I recently upgraded my Cisco 877’s with additional Flash memory modules to max them out, and let them take the newer (larger) IOS images.

And I have to say, I hit an unexpected issue when I was doing the upgrade.  It seems the config files (as well as however the flash listing is stored) persists – even if you change out the Flash module. This resulted in the router attempting to boot an image that was no longer present (although when I checked later, it appeared in a dir flash: listing, with a zero file size), and ended up at rommon. A little bit of work later and I copied an IOS image over from my tftp server to the router, and restarted it.

The rommon commands for loading and IOS image by the way are (all the following are essential):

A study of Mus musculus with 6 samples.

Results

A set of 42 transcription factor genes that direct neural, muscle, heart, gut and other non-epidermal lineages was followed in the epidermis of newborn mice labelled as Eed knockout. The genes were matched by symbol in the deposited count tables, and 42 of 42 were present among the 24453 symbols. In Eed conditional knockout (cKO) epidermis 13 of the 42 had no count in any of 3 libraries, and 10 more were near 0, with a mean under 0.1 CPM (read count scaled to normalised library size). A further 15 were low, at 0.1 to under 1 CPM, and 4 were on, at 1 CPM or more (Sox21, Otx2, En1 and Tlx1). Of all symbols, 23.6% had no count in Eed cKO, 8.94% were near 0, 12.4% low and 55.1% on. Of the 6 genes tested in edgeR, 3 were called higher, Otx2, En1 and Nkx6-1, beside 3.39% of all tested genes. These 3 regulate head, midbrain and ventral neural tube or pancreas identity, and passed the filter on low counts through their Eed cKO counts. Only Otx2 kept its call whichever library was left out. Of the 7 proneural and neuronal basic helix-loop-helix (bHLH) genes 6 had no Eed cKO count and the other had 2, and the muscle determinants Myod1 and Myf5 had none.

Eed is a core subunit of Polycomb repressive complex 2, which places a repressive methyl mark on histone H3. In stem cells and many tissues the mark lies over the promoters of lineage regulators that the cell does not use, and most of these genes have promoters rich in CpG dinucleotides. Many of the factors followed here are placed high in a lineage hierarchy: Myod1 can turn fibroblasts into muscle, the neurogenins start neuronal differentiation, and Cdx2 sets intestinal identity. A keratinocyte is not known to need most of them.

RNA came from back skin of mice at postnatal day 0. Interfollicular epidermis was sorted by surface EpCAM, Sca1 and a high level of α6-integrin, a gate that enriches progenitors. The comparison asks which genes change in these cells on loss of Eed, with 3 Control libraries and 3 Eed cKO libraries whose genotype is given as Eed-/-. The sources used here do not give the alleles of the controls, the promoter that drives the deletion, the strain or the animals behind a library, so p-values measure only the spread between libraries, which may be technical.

IP_ADDRESS=<ip address for router>
IP_SUBNET_MASK=<subnet mask of your network>
DEFAULT_GATEWAY=<gateway for network>
TFTP_SERVER=<ip of your tftp server>
TFTP_FILE=<filename of IOS Image>

Then enter tftpdnld and hit enter - this actually starts the download.

One router recovered, one didn’t – it just complained about being out of memory, and crashed.

I dropped back into rommon, reset the configuration register to 0x2142 so that it would try loading with no configuration – incredibly it worked. After wiping the saved config (copy running-config startup-config, while booted with no config, and resetting the configuration register) the router worked happily – all I had to do was plug all the settings back in.

It took me a while (not helped by forgetting to save the first time around!), but I eventually got there. I really don’t understand why the router was complaining to start with – both are running near identical configurations, on the same hardware revision – and that even after reconfiguring everything back to how it was, it is now still behaving.

Most odd – one thing to bear in mind, it seems, when upgrading Cisco’s is that you might need to prune your config if it fails to boot your new IOS … that and, always keep your console cable handy!!!